Developers break ground on housing for seniors

200 attend ceremony for Crofton center

July 09, 1999|By TaNoah Morgan and La Quinta Dixon | TaNoah Morgan and La Quinta Dixon,SUN STAFF

Community meetings, planning snags and government red tape held up a one-of-a-kind development in west Anne Arundel County for five years, but developers broke ground yesterday on the Village at Waugh Chapel, an unprecedented combination of homes and stores that is expected to serve as a model for town centers countywide.

The new village will include shopping, restaurants and entertainment in the same square as senior housing and child development centers.

"It's going to be a beautiful facility, not just a shopping center," said Brian Gibbons, president and chief executive officer of the Erwin L. Greenberg Commercial Corp., which is developing the 72-acre site.

The $50 million project at Waugh Chapel Road and Route 3 has been promoted as a model for town centers to be built in Glen Burnie, Odenton and Parole. It is hoped that the combinations in the town centers will revitalize aging communities.

From the start with the Village at

Waugh Chapel, community leaders were asked to help plan what would be in the development and how it would look. The project has taken a few more years to get off the ground because of meetings with residents and because it took two pieces of legislation to legalize the mixed-use zoning. The county also wanted special concessions, such as guaranteed green space.

But the finished product will bring jobs and services to an area starving for commercial attention, and tax revenue to a county strained by a tax cap.

"We don't need more fast-food places; we need fine dining," said Hal Counihan, former president of the homeowners association in nearby Bretton Woods. "We need to have an integrated retirement community in a shopping area and have a focal point for culture."

Although only seniors will live in the 770,000-square-foot development, the shopping center is expected to be a hub that attracts much of the community. The Village at Waugh Chapel will include colorful townhouses built over a 10,000-square-foot community center, restaurants, dry cleaners, doctors' offices and a 54,000-square-foot sports center.

Safeway has signed on to anchor the development, and Rite-Aid drugstore, All First Bank, Dress Barn and Rack Room shoe stores have made plans to locate there, the developers said.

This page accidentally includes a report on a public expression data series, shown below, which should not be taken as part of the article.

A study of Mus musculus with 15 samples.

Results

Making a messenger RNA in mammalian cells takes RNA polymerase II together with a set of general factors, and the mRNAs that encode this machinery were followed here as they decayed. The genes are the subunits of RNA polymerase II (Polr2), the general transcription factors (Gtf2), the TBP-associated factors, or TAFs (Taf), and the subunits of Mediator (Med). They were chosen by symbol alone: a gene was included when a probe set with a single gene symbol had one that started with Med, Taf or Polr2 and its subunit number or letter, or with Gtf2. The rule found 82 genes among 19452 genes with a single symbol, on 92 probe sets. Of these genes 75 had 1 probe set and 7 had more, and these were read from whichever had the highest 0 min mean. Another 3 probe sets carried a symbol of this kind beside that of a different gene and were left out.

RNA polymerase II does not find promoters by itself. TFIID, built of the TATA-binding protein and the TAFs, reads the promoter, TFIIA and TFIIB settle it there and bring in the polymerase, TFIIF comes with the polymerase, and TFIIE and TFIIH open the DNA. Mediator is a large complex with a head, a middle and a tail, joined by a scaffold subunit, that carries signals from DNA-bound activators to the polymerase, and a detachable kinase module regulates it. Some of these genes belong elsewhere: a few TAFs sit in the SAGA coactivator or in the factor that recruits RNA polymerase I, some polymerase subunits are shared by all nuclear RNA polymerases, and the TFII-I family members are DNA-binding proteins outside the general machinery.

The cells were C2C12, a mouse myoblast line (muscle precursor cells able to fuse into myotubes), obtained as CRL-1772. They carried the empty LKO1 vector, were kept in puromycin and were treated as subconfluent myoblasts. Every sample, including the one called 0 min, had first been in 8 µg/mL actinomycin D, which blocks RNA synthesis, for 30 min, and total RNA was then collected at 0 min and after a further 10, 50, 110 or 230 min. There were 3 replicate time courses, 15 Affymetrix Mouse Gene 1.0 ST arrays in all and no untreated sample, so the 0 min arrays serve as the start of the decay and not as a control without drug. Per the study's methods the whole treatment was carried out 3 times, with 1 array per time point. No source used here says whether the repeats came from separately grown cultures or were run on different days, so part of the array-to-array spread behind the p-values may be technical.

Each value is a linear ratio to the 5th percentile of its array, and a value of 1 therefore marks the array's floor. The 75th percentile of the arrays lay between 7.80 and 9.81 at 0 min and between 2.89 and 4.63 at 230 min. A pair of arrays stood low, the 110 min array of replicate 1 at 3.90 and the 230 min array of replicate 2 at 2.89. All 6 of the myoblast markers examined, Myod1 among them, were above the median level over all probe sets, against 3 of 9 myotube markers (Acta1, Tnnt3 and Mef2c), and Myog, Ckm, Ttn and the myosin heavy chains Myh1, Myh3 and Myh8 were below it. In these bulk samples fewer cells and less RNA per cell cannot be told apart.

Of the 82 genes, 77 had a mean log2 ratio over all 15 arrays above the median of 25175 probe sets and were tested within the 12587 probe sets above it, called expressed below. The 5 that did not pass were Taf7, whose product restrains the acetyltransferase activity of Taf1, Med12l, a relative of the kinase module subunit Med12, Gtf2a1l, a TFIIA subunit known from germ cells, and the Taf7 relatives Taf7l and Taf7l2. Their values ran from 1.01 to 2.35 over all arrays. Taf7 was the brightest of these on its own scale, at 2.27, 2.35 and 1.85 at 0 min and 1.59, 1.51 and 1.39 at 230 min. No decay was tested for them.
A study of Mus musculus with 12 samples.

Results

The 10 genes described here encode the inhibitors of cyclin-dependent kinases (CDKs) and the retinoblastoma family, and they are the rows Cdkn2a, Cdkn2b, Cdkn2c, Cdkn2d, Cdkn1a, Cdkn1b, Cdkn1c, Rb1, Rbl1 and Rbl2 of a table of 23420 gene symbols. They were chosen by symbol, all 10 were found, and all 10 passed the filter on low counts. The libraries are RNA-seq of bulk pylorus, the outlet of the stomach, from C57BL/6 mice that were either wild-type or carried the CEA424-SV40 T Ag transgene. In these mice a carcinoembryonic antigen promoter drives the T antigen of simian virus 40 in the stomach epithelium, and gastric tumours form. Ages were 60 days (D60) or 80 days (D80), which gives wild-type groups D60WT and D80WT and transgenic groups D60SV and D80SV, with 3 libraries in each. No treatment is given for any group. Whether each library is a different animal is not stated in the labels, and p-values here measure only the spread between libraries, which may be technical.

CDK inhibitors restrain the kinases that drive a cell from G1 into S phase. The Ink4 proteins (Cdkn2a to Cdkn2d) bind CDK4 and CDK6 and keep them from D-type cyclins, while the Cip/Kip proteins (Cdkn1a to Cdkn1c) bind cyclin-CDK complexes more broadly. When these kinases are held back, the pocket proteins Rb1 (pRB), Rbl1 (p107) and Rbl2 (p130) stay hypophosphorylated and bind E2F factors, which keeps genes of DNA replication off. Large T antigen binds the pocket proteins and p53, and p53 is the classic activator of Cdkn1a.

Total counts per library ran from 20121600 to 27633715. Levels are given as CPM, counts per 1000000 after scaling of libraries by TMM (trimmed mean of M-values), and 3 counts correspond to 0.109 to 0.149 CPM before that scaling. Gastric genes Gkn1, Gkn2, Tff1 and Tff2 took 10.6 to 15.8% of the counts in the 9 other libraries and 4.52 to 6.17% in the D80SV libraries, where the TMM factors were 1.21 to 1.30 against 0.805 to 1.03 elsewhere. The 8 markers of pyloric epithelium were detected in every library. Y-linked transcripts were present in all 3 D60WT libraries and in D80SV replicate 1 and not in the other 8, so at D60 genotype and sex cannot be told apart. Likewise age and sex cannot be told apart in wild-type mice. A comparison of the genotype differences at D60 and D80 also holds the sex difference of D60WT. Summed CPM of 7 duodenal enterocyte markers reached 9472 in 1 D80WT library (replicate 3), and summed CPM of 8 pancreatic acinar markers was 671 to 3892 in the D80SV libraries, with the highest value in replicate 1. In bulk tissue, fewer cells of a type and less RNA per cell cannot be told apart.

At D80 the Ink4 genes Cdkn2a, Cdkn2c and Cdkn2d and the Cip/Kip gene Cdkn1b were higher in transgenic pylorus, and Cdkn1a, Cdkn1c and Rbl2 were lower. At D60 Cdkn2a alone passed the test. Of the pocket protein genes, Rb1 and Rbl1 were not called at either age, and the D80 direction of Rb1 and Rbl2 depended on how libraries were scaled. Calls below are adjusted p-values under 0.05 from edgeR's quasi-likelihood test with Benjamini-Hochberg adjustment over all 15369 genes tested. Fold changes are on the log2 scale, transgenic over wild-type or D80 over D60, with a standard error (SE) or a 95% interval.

Three complexes of housing for seniors -- 80 assisted-living, 150 independent-living and 108 condominium units -- will sit in the northwest corner of the development overlooking a 3-acre man-made pond that will double as a stormwater management system.

About 200 people gathered under a tent yesterday at the end of a farm road off Route 3 for the groundbreaking, at which County Executive Janet S. Owens accepted easement rights for the county to a 127-acre farm in Lothian.

As part of the agreement with the county, the developers bought the farm to preserve it. The farm provides twice as much green space as will be taken up by the development.

The project will include $1.4 million in road improvements, including the widening of Waugh Chapel Road from four to six lanes and an extension of Riedel Road.

The county also gets nearly $4 million in one-time fees and costs associated with the project, which should take about 18 months to complete. The development is expected to create 600 permanent jobs and generate nearly $5 million in taxes to the county and state.

Some residents expressed their approval at the ceremony.

"What we can expect is a safe, environmentally sound, beautiful center that will afford housing for our seniors and [we'll] have the kind of businesses that are community-oriented and not just big boxes," said Joan Berry, president of Four Seasons Community Association. She was part of the committee that worked with developers.

Counihan said, "You would like to have some of the amenities in an easy drive, and I think that's what Waugh Chapel is offering."